Views from the Marketplace are paid for by advertisers and select partners of MIT Technology Review.
From Star Wars to Real Life: New Prosthesis Transforms Lives
Inspired by science fiction. Driven by science. Enabled by innovation.
Although Luke Skywalker makes only a cameo appearance in the latest Star Wars® film, his reappearance is also awakening interest in a prosthetic limb nicknamed for the fictional hero with a cybernetic hand. (Fans will recall that the bionic appendage replaced Luke’s right hand, which he lost in a lightsaber duel with Darth Vader in Star Wars Episode V: The Empire Strikes Back*.)
The DEKA Arm—which its inventor, Dean Kamen , affectionately calls “Luke”—is a real device created by the engineering minds at Kamen’s New Hampshire–based company, DEKA Research and Development. Luke, the most advanced prosthetic arm yet approved by the U.S. Food and Drug Administration (FDA), translates signals from muscles in order to perform complex tasks, such as flexing fingers and grasping objects. It’s a transformative innovation in upper-limb prosthetics for amputees.
From Science Fiction to Medical Fact
When the FDA approved the device for marketing in 2014, it called the DEKA Arm System “the first prosthetic arm that can perform multiple, simultaneous powered movements controlled by electrical signals from electromyogram (EMG) electrodes” that detect electrical activity in muscles close to where the prosthesis is attached. The electrical signals from the electrodes and other user input devices are then converted by the arm’s main computer to control up to 10 powered joints.
Among the DEKA Arm’s most innovative features is the ability of its wrist and fingers to adjust positions to achieve multiple different user-selectable grips. In addition, force sensors in the hand enable the arm’s user to precisely control the grasp. The prosthetic arm is similar in size and weight to a natural limb, and it can be controlled by a variety of inputs. A computer on the prosthesis receives the EMG signals and interprets them to make fingers open or close, or to change the grip configuration to let the user pick up a coin, for example.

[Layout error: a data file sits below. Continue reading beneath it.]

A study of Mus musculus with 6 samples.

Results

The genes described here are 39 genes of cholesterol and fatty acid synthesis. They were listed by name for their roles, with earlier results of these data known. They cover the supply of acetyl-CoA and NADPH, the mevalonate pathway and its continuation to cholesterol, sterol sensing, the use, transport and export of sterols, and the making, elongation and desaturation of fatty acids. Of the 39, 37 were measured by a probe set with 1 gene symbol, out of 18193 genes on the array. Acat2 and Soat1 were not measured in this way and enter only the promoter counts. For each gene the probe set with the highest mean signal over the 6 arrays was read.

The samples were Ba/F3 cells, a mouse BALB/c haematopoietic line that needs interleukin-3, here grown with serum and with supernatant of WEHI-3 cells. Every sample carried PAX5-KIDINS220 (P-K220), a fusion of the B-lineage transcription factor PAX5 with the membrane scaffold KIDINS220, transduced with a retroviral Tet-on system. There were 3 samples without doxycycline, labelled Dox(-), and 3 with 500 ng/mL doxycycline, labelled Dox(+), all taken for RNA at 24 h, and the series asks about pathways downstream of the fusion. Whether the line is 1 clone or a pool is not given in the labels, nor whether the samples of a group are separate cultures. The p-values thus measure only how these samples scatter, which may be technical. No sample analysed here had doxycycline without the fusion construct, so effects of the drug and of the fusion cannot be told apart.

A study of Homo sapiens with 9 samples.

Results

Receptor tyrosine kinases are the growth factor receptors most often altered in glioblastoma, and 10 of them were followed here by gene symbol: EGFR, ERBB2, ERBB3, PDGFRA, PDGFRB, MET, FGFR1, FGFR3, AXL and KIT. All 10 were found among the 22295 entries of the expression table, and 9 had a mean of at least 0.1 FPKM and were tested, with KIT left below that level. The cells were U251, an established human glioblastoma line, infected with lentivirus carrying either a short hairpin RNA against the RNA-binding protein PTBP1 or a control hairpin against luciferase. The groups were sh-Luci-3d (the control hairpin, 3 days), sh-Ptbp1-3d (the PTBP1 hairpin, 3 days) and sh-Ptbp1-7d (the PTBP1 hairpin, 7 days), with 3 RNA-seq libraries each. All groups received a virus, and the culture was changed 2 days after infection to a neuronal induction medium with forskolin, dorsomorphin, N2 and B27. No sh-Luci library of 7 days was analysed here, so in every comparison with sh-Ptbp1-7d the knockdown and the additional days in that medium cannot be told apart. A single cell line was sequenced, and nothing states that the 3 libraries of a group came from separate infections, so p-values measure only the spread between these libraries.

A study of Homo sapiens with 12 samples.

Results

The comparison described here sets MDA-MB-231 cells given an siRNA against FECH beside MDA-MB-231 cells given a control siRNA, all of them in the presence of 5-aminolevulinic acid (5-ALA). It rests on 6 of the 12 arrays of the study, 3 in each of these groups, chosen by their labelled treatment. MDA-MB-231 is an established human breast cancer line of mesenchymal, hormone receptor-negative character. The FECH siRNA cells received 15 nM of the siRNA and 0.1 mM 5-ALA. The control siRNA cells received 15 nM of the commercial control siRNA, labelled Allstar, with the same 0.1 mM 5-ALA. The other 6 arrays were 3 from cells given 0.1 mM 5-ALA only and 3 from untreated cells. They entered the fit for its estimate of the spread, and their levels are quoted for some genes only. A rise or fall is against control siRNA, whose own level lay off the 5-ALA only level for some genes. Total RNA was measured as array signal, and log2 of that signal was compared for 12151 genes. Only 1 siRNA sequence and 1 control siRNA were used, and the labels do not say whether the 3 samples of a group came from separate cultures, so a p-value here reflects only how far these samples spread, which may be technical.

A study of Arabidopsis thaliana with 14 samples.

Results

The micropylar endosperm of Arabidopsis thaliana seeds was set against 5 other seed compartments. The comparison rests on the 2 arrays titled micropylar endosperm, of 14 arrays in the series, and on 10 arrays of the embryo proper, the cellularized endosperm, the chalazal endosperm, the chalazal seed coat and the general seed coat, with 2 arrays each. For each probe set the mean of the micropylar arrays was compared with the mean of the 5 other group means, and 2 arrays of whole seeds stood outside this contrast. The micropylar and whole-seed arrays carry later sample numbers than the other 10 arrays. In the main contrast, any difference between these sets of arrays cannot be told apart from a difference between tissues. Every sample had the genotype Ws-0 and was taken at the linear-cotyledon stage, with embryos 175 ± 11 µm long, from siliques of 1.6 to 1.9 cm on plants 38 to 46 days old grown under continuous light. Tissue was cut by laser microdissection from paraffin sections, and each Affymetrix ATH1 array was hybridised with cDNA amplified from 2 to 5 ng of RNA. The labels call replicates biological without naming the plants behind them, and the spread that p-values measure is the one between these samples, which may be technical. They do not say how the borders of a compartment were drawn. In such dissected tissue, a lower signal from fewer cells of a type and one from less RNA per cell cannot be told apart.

To perform such complex movements, the DEKA engineers realized they also needed additional control inputs. Their solution was to implement special sensors on the user’s feet that wirelessly transmit signals to the arm’s computer, allowing the user to control multiple joints simultaneously.
Multiple Analog Devices, Inc., (ADI) components—including instrumentation amplifiers, digital isolators, and dual operational amplifiers—were integrated into DEKA’s signal chain design. These high-performance components help DEKA ensure that the arm met critical requirements in terms of the system’s safety, effectiveness, and readiness for market.
These and other ADI components were among those tested during the arm system’s FDA approval process, when the agency reviewed data relating to software and electrical and battery systems, mitigations to prevent or stop unintended movements of the arm and hand mechanisms, durability testing (such as ability to withstand exposure to common environmental factors such as dust and light rain), and impact testing.
Innovative Technology Sparks Transformative Possibilities
This radical advancement in prosthetics stems from a challenge that had been decades in the making. Before the DEKA arm, prostheses were based on designs pioneered more than 100 years ago. And while lower-limb technology has become more advanced over the decades, upper-limb technology has lagged behind because of its more difficult medical and engineering issues. So in 2006, the U.S. government’s Defense Advanced Research Projects Agency (DARPA) set up a program called Revolutionizing Prosthetics with an ambitious goal: design a prosthetic arm with the functionality of a natural limb.
DARPA approached DEKA to create a solution that would dramatically improve the quality of life for amputees—a solution that was delicate enough to pick up a grape, yet rugged enough to handle tools such as a hand drill. DEKA engineers achieved that goal. Now, with the DEKA Arm, an amputee can safely do things such as hold a cup of coffee, tie shoelaces, and handle zippers—activities that were previously difficult to do with “passive” prostheses.
As part of its FDA application, the DEKA system underwent an optimization study that was funded by the Department of Veterans Affairs (VA) and carried out at VA and U.S. Department of Defense medical centers. Ninety percent of the amputees who participated in the study were able to perform common but complex household and self-care tasks with the DEKA Arm that they were not able to perform with their existing prostheses.
This technological innovation is truly transforming lives. It is ahead of what’s possible—and it’s only the beginning.
* Star Wars Episode V: The Empire Strikes Back is a trademark of Lucasfilm.
Technology is changing faster than ever before.
At EmTech MIT, hear experts’ opinions on the future of their industries.